Inspiring Ride: Circling Gloucester by Bike

September 29, 2022 / Outdoor Adventures, Things to Do & See

Inspiring Ride: Circling Gloucester by Bike | Gloucester Writers Center

With summer in the rear-view, the ring road encircling Gloucester and Rockport offers big, inspiring views—and a bracing ocean breeze. 


Half of Gloucester lies on the mainland. The rest shares an island with Rockport—which was, incidentally, part of Gloucester until 1840. Massachusetts Route 127 (and its brief offshoot, 127A) run around the island, mostly hugging the shore. These routes carry names including Washington, Langsford, and Granite Streets, depending on where you are at any moment. In autumn, beach crowds now a memory, we love taking to these scenic highways and byways on two wheels, seeking salt air and fodder for good stories.


The middle of the island is mostly wild. Civilization huddles along these streets and the roads and neighborhoods that stem from them. Which means, of course, plenty of places to hop off and explore, fuel up—and even take a dip in the ocean! (Remember, the air is usually colder than the water this time of year.) And because these routes circumnavigate the whole island, you can begin and end where you like. Save a full day to complete the loop in one go, with stops; or take it piece by piece, neighborhood by neighborhood, at your leisure.


Wherever you set out, be sure to consult a map. On a recent, cool morning we began from Downtown Gloucester, following Maplewood Avenue north. Our route took us down Cherry Street, past the entrance to Dogtown (another day!), and then to 127 via Stanwood Avenue. We chuckled, of course, at Clam Alley, across the way, before hanging right onto Washington Street and beginning the loop in earnest. We took notebooks and cameras along, filling them with images to inspire stories and writing for days to come. Below, some highlights from our trip to help inspire your own.


A word of advice: A full circle of the island includes numerous small to medium hills, as well as quirky turns on (usually) narrow roads. No grade was unmanageable for a couple poets who are average bikers, but the grade changes occasionally kicked our butts! Wear a helmet, and watch out for cars (a mirror helps). And above all—take your time. Savor the view and the feel of the cold, autumn road under your tires. 



This tiny residential village sits where the Annisquam River meets Ipswich Bay. Settled by colonists in the 17th century, it’s one of the oldest parts of Gloucester as we know it today. From Washington Street, heading north, turn left onto Leonard Street at the Annisquam Village Church to find quaint, old architecture fabulously preserved.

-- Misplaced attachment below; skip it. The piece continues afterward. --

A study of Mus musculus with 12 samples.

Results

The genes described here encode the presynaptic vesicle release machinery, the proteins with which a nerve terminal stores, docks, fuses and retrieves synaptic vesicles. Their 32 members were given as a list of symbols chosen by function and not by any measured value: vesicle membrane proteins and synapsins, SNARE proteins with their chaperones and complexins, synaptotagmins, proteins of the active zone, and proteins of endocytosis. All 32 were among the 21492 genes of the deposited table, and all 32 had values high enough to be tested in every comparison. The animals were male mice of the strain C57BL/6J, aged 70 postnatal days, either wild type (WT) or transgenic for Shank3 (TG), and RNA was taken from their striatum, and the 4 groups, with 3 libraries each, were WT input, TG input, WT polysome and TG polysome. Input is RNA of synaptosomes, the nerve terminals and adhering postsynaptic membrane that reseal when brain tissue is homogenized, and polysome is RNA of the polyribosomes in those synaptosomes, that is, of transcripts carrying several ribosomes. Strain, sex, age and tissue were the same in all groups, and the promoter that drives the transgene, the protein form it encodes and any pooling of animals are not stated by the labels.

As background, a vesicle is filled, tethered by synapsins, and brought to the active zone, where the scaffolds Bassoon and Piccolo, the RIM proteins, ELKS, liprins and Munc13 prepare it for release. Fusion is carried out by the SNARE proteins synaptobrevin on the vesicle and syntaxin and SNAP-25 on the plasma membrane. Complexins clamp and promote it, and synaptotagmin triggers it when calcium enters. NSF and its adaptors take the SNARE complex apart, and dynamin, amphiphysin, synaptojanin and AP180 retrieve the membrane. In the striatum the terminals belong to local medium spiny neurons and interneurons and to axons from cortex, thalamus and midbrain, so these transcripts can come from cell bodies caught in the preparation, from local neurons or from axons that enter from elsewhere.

Photo of Folly Cove by Kendra Dott


Leaving Annisquam, we headed through the Lanesville neighborhood. Stay on Washington Street to briefly leave 127 and detour inland; consult a map here to find public access to some of the abandoned quarries that dot the island’s interior. As you near the very top of the island, back on Washington Street, slow down to take in Folly Cove on the left, and be careful as you turn—the view is a breathtaking distraction of the highest order. On a windy day, white caps dance furiously in the distance. 



Head into downtown Rockport, where we refueled with sandwiches at Whale’s Jaw Cafe. (Note to self: come back for a concert here!) After, we pedaled to T Wharf for a postcard view of Motif #1. When you pick up again, we recommend taking 127A back toward Gloucester as we did. This short alternate hugs the coast and affords a wonderful, big sky, beach-after-beach panorama. 



Deviate from the numbered route once more to catch even more autumn coastline. At Bass Street, turn left to leave 127A and follow onto Nautilus Road, and then Atlantic Road, for astonishing, unobstructed views of rock and water. We traced Atlantic Road to Farrington Avenue, then followed Eastern Point Road to the entrance of Rocky Neck. A working artists’ colony to this day, the tiny peninsula juts into Gloucester’s inner harbor. Follow Rocky Neck Ave. to Horton Street, and then Horton to its end to find Ocean Alliance, a cutting-edge research center in an historic and picturesque paint “manufactory.”



Leaving East Gloucester, we passed through downtown to hook up once again with Rt. 127, this time to travel along the Boulevard (Western Avenue). One last glimpse of ocean—now looking toward Stage Fort Park and West Gloucester, over the Cut Bridge and off the island—from the Gloucester Fisherman’s Memorial to end our whirlwind ride.